Furuno U.S.A

  • Commercial Products
    for Furuno, the commercial market

  • Transducers
    extremely wide range of matched, high performance, high top speed transducers for its various depth sounders

  • Chart Cards
    selection of chart cards that work with our plotter products

  • Boat Parts
    If you are searching for a particular part for your Furuno product


Fishing Equipment

Fishfinders & Depth Sounders

Furuno Production

  • NavNet 3D

    NavNet 3D incorporates a whole new dimension into Multi Function Displays with Full Time 3D chart rendering.

  • NavNet vx2

    NavNet vx2 combines Radar, GPS/WAAS chart plotter, fish finder and network weather facsimile into one navigation network.

  • Radars
    For 30 consecutive years, Furuno's Radars have won the prestigious NMEA award for Best Radar.

  • Depth & Fish Finders
    Talk to any commercial or sport fisherman and they will tell you that Furuno makes the finest Depth Sounders and Fish Finders on the market.
    Navigation - GPS, Plotters, Autopilots, AIS & Misc.
    From GPS/WAAS receivers to Satellite Compasses

  • MaxSea Marine Software

    Today's captains expect a lot from their navigation systems.

  • Marine Monitors
    Quality and most reliable marine electronics

  • VHF, SSB, GMDSS & Satellite Communication

  • Sonar
    Furuno's high powered sonars have the capability to find fish where other fish finders only wish they could.

Nautical weather Instruments

In less than ideal conditions if the weather changes quickly, offshore and coastal cruisers are especially vulnerable.

Prudent boaters check the weather prior to heading out onto the water, sailors check to sure there's some breeze while most power boat owners want as little wind as possible. But neither of them like surprises and few boaters intentionally head out into bad weather.

There are many means by which weather information can be obtained, TV in some areas, VHF and HF radio voice broadcasts, weather charts, images and data received from satellite and other sources captured by computer, and dedicated weather fax receivers. But you don't need to have the latest technology to get a general short-term forecast. By having a simple barometer on board you can detect changes in the weather. Enough to alert you to tune into your chosen method of receiving forecasts or warnings.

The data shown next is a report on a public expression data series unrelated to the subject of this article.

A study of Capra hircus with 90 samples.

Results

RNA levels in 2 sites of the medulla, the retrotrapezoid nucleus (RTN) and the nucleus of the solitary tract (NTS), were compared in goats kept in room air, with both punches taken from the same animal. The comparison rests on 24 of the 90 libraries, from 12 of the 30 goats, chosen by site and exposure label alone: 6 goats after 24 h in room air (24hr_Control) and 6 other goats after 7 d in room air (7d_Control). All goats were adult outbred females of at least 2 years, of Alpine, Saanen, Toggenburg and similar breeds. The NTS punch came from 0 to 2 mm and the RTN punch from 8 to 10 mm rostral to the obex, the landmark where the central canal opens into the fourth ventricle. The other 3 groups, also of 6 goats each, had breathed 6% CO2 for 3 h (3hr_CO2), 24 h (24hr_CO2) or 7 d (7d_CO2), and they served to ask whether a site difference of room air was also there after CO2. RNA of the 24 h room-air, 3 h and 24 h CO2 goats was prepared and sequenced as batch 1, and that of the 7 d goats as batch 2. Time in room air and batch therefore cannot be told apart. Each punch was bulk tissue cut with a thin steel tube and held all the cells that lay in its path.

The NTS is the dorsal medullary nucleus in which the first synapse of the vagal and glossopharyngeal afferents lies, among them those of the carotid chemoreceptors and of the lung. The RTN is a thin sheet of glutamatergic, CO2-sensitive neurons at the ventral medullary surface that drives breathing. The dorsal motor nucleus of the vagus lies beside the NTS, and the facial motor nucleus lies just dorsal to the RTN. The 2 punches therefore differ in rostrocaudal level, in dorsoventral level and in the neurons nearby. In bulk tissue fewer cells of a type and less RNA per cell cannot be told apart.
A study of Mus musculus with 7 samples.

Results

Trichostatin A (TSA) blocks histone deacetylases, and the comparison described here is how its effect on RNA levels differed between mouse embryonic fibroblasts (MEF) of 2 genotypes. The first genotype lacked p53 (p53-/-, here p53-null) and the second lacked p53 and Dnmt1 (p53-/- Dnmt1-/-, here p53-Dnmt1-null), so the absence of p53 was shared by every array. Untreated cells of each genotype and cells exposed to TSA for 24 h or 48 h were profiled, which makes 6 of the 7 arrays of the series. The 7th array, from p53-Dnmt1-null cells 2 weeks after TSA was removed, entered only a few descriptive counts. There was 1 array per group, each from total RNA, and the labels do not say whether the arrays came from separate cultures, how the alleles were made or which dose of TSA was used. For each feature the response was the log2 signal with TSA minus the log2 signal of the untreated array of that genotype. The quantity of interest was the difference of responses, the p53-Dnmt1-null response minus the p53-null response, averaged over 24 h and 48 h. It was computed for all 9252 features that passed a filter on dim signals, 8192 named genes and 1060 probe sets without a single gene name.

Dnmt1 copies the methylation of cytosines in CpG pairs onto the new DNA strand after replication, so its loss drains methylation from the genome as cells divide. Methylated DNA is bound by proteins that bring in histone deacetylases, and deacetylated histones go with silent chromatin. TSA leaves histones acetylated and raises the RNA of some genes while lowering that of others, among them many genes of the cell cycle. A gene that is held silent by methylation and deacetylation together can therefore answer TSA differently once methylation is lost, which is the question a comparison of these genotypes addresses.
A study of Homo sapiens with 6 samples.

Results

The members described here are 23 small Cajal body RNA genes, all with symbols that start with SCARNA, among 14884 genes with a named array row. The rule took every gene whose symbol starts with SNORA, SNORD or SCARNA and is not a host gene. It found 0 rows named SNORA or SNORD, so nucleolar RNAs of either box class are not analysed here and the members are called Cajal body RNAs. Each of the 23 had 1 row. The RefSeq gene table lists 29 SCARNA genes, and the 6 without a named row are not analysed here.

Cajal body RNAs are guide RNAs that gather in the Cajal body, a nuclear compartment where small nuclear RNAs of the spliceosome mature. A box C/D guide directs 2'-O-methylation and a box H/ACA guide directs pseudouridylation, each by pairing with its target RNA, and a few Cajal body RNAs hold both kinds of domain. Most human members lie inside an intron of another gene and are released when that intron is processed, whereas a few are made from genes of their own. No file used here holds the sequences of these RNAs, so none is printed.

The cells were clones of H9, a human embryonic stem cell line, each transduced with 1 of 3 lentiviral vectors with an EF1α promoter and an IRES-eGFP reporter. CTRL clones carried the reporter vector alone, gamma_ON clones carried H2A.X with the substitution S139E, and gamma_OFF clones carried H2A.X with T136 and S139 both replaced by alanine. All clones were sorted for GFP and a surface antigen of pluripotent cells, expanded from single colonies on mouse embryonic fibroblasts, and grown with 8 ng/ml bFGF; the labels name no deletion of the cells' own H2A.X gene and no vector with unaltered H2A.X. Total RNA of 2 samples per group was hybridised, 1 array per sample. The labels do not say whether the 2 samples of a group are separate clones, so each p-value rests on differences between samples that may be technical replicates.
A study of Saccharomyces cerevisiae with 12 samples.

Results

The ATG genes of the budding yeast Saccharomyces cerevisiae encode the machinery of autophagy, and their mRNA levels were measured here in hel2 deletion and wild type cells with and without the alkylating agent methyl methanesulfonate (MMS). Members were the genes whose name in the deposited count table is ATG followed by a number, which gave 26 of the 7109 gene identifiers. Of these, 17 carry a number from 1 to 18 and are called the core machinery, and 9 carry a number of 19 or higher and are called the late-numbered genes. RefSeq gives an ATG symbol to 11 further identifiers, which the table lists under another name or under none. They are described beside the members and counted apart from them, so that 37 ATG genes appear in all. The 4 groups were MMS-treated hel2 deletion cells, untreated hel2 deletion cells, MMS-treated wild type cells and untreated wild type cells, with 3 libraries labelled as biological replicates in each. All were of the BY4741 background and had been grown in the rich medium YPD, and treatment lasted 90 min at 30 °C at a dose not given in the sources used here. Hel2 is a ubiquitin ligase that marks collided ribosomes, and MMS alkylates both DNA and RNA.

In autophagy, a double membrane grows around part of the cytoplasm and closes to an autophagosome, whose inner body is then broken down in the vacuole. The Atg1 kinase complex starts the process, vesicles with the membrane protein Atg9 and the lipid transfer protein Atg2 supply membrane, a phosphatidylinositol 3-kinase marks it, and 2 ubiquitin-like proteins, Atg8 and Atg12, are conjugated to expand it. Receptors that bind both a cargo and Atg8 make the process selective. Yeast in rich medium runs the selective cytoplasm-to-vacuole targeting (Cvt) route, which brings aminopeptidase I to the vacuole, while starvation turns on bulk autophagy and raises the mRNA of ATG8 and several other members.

The tried-and-true aneroid barometer is inexpensive, uses no batteries or electricity and provides a reliable picture of impending weather changes. By checking the barometric pressure on a regular schedule and recording it in your logbook, you'll have advance warning of weather problems ahead.

Also available are wireless electronic weather stations that incorporate forecasting features in addition to barometric pressure, such as temperature, relative humidity and pressure trend indicators. These keep track of the barometric trend for you and some even have storm warning features if the pressure changes too rapidly. Displays indicate whether the forecast for the next 12-24 hours is generally for sunny, partly cloudy, cloudy, or rainy conditions.

The clocks featured in some of these units are radio controlled and set to the US Atomic Clock.

Another option available to inland and coastal boaters is the portable SAME (Specific Area Message Encoding) weather radio. Because weather can change rapidly when you're not always monitoring the VHF for weather, NOAA developed a warning signal alert which is broadcast in the event of severe weather or other hazards.

This tone triggers the specially-equipped SAME radio to automatically activate, sounding an alert tone and receiving current weather watches and warnings. These radios receive only in the areas that you specify (up to four counties), so you're not receiving alerts from areas that don't closely affect you.

The NAVTEX is another little-known way to receive alerts to impending dangerous weather. Part of the Safety System (GMDSS) and Global Maritime Distress and and the World-Wide Navigational Warning Service , the Navtex system broadcasts Maritime Safety Information (MSI) in English, transmitting them on 518 kHz. The broadcasts are telex transmissions requiring a receiver with a microprocessor, printer and/or display, and antenna.

The unit receives only from selected stations and only certain types of messages, for instance navigational warnings, gale warnings, distress alerting, and weather forecasts. The unit stores received messages, prevents printing if the signal isn't good and discards repeated messages. Navtex receivers such as NX-300 by Furuno TM (on photo below) are relatively inexpensive, very reliable within 200 miles of the coast and provide ship safety information such as ice conditions that are nearly unavailable elsewhere.

Furuno NX-300

To learn more visit: www.nws.noaa.gov/om/marine/navtex.htm.

Some of the weather information formats, especially weather fax and some technical text, require boat owners to decipher the data.